While Australia can officially lay claim to having its very own queen, an Orange art teacher very nearly grabbed the title for herself five decades prior.
Denmark monarch Margrethe II, who laid claim to the throne for 52 years, announced in a New Year's Eve message that she would be the first Danish royal to abdicate the throne in 900 years.
This paved the way her son Frederik and his Australian-born wife Mary to become the king and queen of Denmark.
While this historic moment has given Aussies plenty to celebrate with Mary being crowned Australia's first ever queen, it was a former Presbyterian Ladies College (PLC) student and teacher Susan Cullen-Ward who came close to the distinction in the mid-1970s.
Having grown up on a property at Cumnock, Ms Cullen-Ward was a prefect in her final year at PLC which later combined with the equivalent boys' school Wolaroi, to later be known as Kinross Wolaroi.
With a passion for art she studied at a tertiary level and returned to the school to teach the subject.
According to the Albanian Royal Court website, it was while travelling Europe that she first met His Majesty King Leka I of the Albanians, although some claim it was during a dinner party in Sydney where they first became acquainted.
Regardless, Ms Cullen-Ward was invited by King Leka to Spain to study tourism. In 1974 they were engaged, and one year later they married.
Although she took on the title of Her Majesty Queen Susan of the Albanians, her appointment as a queen was not fully recognised outside of the royal family.
This was because although he was known as King Leka, the Albanian royal was in fact the pretender to the throne.
A pretender to the throne is someone who has, or invents, a claim to the throne which they assert to be superior to that of the incumbent monarch.
The reason for this was that two days after Leka's birth, his father King Zog I was forced into exile after Benito Mussolini's army invaded the country. Shortly after, Zog was replaced on the throne of Albania by Victor Emmanuel III of Italy.
Leka became heir apparent of the abolished throne on April 5, 1957. On the death of King Zog in 1961, Leka was proclaimed King of the Albanians by a convened Albanian National Assembly-in-exile.
In 1993, Leka returned to his country of birth for the first time in 54 years. Four years later during the 1997 rebellion, Leka returned once more.
On June 29 that year, a referendum was held in Albania regarding the possibility of restoring the monarchy.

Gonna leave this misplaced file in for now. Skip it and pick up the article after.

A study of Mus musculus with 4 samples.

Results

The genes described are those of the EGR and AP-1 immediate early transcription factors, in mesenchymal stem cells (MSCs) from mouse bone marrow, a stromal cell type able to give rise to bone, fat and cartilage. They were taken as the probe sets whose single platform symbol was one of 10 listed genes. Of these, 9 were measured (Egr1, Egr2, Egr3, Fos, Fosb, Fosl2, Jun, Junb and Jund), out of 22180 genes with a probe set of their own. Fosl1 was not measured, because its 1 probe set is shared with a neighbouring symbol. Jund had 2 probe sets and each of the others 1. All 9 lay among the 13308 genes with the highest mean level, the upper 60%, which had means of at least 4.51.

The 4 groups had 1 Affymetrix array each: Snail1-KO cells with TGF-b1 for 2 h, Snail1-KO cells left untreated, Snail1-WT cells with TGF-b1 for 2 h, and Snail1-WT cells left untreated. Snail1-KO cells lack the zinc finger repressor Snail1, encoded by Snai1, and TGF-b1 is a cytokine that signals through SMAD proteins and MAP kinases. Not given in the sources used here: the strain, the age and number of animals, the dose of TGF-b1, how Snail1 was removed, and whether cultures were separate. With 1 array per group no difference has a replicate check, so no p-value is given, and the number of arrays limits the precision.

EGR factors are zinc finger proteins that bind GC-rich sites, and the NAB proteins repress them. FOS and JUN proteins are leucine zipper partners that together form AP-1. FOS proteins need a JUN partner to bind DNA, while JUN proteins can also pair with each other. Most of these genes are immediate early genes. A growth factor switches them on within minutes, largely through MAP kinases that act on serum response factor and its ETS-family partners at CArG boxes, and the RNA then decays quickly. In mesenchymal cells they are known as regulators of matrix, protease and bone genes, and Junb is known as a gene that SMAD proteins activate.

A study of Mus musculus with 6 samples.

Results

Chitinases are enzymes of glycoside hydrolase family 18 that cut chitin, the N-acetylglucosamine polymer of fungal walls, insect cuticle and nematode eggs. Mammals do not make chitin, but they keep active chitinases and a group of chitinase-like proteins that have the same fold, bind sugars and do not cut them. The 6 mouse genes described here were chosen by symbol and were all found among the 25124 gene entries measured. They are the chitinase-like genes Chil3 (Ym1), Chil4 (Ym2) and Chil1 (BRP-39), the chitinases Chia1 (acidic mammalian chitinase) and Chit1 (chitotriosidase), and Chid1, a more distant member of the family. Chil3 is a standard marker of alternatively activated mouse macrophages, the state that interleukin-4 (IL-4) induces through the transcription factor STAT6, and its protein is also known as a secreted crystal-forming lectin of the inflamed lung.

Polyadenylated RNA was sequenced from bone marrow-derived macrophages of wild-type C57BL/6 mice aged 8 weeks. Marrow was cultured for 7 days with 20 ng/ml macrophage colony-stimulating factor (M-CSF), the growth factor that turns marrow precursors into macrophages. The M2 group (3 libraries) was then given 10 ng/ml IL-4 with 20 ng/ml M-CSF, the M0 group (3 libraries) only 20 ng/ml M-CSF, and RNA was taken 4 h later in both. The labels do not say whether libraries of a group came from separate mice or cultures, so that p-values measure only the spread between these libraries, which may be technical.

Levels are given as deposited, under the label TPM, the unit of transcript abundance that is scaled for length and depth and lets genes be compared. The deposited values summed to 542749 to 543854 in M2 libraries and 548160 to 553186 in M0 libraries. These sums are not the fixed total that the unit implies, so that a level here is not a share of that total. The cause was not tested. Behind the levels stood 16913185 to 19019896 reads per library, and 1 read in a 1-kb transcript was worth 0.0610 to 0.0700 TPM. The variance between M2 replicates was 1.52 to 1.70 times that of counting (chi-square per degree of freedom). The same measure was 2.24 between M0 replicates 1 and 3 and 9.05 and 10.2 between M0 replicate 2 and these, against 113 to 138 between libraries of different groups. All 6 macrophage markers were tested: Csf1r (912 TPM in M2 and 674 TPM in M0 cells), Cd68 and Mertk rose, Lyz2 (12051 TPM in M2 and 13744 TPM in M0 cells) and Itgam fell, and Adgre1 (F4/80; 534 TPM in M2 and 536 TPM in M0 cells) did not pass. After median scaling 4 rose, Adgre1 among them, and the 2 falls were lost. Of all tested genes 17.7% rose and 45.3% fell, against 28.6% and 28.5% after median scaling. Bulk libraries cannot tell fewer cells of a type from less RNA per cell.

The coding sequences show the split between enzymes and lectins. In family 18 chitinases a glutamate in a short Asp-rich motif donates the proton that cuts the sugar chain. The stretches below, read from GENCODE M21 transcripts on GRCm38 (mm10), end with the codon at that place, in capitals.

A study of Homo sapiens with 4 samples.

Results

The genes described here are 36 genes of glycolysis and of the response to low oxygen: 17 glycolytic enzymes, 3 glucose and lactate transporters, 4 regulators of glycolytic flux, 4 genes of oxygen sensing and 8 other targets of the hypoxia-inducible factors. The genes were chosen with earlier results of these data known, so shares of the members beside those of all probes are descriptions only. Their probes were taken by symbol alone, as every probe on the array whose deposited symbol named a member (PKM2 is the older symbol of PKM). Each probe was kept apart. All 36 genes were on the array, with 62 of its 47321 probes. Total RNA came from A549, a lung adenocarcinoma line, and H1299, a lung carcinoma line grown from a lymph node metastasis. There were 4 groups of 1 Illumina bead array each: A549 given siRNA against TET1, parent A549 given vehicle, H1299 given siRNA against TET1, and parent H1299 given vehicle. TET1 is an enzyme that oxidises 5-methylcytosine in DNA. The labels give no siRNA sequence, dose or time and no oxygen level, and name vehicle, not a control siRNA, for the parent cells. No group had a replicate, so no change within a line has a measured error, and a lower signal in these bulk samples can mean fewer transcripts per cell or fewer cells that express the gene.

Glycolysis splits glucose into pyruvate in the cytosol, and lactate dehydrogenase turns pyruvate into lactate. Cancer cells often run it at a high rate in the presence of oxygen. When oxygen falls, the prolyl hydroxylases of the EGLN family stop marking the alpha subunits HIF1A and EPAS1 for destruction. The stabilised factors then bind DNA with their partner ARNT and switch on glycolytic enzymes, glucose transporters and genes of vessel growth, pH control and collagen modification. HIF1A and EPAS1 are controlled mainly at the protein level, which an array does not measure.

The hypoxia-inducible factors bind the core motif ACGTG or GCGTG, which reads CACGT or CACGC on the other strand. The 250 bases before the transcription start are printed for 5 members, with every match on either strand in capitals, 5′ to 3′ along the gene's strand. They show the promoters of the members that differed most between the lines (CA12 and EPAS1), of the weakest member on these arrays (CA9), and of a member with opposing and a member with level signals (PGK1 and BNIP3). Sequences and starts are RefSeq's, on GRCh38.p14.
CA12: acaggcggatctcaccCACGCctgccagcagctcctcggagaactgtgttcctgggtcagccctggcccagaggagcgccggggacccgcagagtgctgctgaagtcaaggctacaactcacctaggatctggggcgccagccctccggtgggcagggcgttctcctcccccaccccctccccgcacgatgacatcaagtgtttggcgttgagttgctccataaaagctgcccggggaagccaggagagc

But before the results were made official, Albanian government officials announced the referendum had been rejected.
In 2011, Albanian President Sali Berisha shared his thoughts on the failed referendum.
"By 2003, the Albanian Parliament passed the law that recognised the attributes of the Royal Family and it was a right decision," he said.
"Also I remind you that even the referendum was held in the context of flames of the communist rebellion and therefore cannot be considered a closed matter.
"The Stalinist principle of: 'you vote, but I count the votes' was applied in that referendum. But, the fact of the matter is the Albanians voted massively for their king, but the referendum failed to meet quotas as it was manipulated."
Although Australian authorities refused to recognise her as a queen, she was eventually issued a passport in the name of "Susan Cullen-Ward, known as Queen Susan".
Following intensive specialised care, she died of lung cancer on July 17, 2004 having never officially been recognised as a queen.
In a eulogy written by a long-time friend of the Albanian royals, Mixael De Cock spoke about the first time he met the Orange woman at the opening of a fundraising art exhibition for the Red Cross and Red Crescent Societies.
"Before our first meeting I had polished up on royal protocol and memorised my formal request, fearing that if I said or did anything wrong that I might jeopardize her acceptance of the invitation," he said.
"At the appointed hour I arrived at the royal compound outside Johannesburg and, on being presented to Her Majesty, did everything the book required one to do in the presence of royalty.
"But, while I was still getting into position to make a slight bow, she took me by the hand and said, 'please, relax - and call me Susan.
"Susan was just another human being with great warmth and a deep compassion for this world and its people. She did not need any fancy words to convince her to assist with a project designed to alleviate the suffering of others."
Queen Susan is buried beside King Leka I and Queen Geraldine at the Royal Mausoleum.
This article first appeared in the Central Western Daily.